Dr Gott Newspaper Column
You know glutathione is going mainstream when you open your daily newspaper and, on the Dr Gott newspaper column, you read this: "Glutathione Is Earning Reputation As A Master Antioxidant!"
Peter H. Gott, MD is considered
You can read his column in your local American newspaper and online at his website: Ask Dr Gott
Here is what he had to say about glutathione:
"Glutathione Is Earning Reputation As A Master Antioxidant"
By PETER GOTT, M.D.
Dear Dr. Gott: I read your column every day in my local Arkansas paper. Your recent column talked about the antioxidant vitamins C and E; however, nothing was mentioned about the most powerful one of all - glutathione - that we were born with and decreases with age. Can you discuss this little-talked-about antioxidant?
Dear Reader: Glutathione is reported to be the body's master antioxidant. It is produced in the liver and plays an important role in metabolism. It is composed of cysteine, glutamic acid and glyceine, and is purported to help human cells function normally. It is found naturally in numerous meats, eggs, fruits and vegetables, such as asparagus, broccoli, avocado and spinach, unprocessed whey protein and milk thistle; however, the absorption rate of glutathione from all food sources in the gastrointestinal tract of humans is apparently low.
It has been used for the treatment of heavy-metal poisoning, to increase the effectiveness of drugs for chemotherapy given for breast cancer, in lowering blood pressure in patients diagnosed with diabetes, for the treatment of Parkinson's disease and a great deal more. Research projects for ALS, cancer, cystic fibrosis, asthma and a number of other conditions are under way to investigate its potential for boosting the immune system, improving longevity, reduce chances for developing cancer, improving mental, heart and lung function, and increasing energy.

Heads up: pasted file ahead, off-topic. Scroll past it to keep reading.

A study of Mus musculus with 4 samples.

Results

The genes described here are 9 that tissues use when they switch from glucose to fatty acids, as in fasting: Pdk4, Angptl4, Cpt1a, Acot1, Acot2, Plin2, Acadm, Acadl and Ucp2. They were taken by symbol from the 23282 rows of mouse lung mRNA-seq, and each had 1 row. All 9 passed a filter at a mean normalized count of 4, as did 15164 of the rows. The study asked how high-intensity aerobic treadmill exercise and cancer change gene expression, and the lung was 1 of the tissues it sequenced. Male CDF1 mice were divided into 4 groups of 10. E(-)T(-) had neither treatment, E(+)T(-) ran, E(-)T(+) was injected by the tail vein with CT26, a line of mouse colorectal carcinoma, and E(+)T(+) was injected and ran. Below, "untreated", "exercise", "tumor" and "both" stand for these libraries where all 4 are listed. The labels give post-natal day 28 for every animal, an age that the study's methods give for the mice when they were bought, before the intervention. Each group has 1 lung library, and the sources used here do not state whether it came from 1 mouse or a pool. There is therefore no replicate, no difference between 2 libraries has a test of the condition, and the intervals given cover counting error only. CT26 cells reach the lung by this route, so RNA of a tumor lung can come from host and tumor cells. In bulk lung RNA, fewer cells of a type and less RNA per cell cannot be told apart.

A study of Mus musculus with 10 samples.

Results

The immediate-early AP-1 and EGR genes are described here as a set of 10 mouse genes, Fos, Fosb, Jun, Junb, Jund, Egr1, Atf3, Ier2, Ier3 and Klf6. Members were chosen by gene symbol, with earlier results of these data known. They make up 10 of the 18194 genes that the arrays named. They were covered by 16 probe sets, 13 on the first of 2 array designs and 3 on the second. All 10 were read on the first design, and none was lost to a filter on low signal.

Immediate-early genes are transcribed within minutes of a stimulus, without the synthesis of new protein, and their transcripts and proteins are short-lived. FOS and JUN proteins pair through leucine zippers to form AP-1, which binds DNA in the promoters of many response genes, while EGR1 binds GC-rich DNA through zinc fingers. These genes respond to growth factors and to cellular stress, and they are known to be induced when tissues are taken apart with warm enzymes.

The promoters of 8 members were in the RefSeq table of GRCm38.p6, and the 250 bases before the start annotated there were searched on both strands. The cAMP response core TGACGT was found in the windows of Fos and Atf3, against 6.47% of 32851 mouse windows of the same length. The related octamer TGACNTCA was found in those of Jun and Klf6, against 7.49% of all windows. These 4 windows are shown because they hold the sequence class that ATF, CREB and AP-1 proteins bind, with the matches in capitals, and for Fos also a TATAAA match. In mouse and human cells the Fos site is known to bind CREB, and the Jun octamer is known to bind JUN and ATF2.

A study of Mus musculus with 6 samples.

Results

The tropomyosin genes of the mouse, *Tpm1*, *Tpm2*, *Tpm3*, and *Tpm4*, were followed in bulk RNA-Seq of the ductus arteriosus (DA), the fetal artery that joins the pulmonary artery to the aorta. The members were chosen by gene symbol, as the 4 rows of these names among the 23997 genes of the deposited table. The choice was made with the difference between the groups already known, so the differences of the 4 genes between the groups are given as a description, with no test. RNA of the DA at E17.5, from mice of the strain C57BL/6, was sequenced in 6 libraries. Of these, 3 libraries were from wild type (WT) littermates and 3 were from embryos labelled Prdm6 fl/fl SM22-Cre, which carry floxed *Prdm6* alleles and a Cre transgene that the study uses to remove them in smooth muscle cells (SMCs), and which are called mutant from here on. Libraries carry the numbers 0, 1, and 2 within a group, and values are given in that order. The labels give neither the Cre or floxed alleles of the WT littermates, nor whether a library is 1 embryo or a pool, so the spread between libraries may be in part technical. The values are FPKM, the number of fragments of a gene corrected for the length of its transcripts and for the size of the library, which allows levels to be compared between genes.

While marketed as a nutritional supplement, there is little documentation to support the theory it actually increases levels within cells. In fact, in human studies, oral doses had minimal effect in raising blood levels. Supplemental vitamin C is reported more effective in increasing intracellular glutathione than the [glutathione] supplement is.
Levels within the human body decrease with age, presumably at a rate of 1 percent per year after the age of 20.
I'm not sure that I will rush out for a bottle of glutathione, but never say never.
Well Dr Gott, I am with you there! I will not be one to rush out for a bottle of glutathione either! Like you said, "in human studies, oral doses [of glutathione] had minimal effect in raising [glutathione] blood levels."
In fact, MaxGXL does NOT contain glutathione at all!
MaxGXL is simply a nutritional supplement that contains the building blocks (precursors) of glutathione! Your cells are then provided with ample amounts of the exact nutrients they need to produce more glutathione, thus as studies prove, your intracellular levels of glutathione go up!
Incidentally, ONE of the ingredients of MaxGXL is vitamin C! And as was shared in the Dr Gott Newspaper Column, "Vitamin C is...effective in increasing intracellular glutathione..." Correct! This is just one of the reasons why Dr Keller included Vitamin C in his formula known as MaxGXL!